A decade ago, "Top Gun" was a term known to only a chosen few fighter pilots. After Rick Sorenson won the title seven years in a row while flying F-105s for a reserve unit at Hill Air Force Base, he decided to take advantage of Utah's new vanity license plate offering and ordered a set proclaiming him "TOP GUN."
"I had no idea what I was letting myself in for," said Sorenson, a Salt Lake resident and consultant/lobbyist in the Utah Legislature for the transportation industry."At first it was great. The only people who knew what it meant were other fighter pilots and a few other people on Air Force or Navy bases. It confused a few gas station attendants when I put it down as my license number on a credit card slip, but it was no problem," Sorenson said.
He could not know the complications that would follow in the wake of the hit movie by the same name, as well as a rash of armed robberies by a man wearing a "Top Gun" baseball hat.
In fact, other than occasional questioning looks from gas station attendants and inquiries if he was a hit man, Sorenson cruised along merrily in his Nissan Z.
Then the movie "Top Gun" hit theaters. Sorenson said his plates drew a little more attention, more curious inquiries and an occasional honk from a passing car. But he'd had the plates for a decade, since 1977, he'd explain, and the reaction died down as the movie's popularity faded.
But interest in Sorenson's unusual plate was renewed last fall when a rash of so-called "Top Gun" armed robberies - more than 30 of them - were committed by a stocky, middle-aged robber wearing a "Top Gun" baseball cap.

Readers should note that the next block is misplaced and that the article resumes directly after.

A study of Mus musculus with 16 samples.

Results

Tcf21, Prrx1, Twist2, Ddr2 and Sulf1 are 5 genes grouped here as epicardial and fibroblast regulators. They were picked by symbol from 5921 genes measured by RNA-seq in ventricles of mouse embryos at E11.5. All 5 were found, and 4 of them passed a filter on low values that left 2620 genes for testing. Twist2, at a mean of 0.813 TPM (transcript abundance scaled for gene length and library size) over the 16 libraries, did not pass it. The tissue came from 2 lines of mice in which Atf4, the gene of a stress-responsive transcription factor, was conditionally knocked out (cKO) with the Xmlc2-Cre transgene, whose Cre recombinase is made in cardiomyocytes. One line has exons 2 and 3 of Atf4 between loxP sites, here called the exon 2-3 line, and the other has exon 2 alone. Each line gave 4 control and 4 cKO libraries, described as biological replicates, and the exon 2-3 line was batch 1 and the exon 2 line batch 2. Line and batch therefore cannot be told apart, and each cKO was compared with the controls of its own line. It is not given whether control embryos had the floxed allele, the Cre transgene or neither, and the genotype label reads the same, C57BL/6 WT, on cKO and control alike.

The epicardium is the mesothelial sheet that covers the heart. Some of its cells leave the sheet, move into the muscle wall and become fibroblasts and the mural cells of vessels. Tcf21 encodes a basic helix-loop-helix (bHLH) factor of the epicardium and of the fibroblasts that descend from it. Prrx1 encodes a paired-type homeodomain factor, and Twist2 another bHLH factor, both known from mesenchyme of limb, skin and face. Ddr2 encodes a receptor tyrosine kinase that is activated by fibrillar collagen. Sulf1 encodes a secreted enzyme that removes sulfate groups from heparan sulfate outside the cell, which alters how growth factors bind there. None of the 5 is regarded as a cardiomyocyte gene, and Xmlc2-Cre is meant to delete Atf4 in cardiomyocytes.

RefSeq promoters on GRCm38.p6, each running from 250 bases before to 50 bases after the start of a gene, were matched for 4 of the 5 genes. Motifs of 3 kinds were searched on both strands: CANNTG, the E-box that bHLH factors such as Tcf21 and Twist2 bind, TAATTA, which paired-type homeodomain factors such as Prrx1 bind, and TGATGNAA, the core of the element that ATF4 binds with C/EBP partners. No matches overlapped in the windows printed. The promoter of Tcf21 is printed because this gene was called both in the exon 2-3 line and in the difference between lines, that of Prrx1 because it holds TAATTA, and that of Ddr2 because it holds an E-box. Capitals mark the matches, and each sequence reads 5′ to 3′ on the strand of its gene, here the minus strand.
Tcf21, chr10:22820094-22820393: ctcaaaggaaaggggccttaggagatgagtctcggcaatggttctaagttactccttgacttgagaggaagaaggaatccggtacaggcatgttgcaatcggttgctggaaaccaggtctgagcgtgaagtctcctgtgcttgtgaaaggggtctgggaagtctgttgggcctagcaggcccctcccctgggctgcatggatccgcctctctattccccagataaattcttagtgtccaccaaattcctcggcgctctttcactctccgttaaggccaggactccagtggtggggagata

In addition to giving the police fits, the so-called "Top Gun robber" made Sorenson's life miserable.
He was in Panama when the robber was at his busiest and didn't know anything about the series of ice cream store and delicatessen robberies until he went in to make the lease payment on his car.
"The clerk looked at me kind of odd, although I'd been going in there regularly. She looked at me to see if I fit the robber's description. Then she told me the sheriff was in, looking for me," said Sorenson.
"They were asking all kinds of questions about me, did I have a mustache, did I wear a Top Gun baseball cap, that kind of thing. But the answers from the leasing agency must have satisfied the detectives, because they never contacted me personally."
Although the inquiries and curiosity were intense in December and January, Sorenson said it faded after that, until this past weekend when he called the police to report his car, with its "TOP GUN" plates, had been vandalized.
The inquiries started all over again. "Can you believe that? Would the robber really drive around with license plates advertising who he is?" asked Sorenson.
"I tell people `I am the Top Gun . . . but not that Top Gun,' " said Sorenson.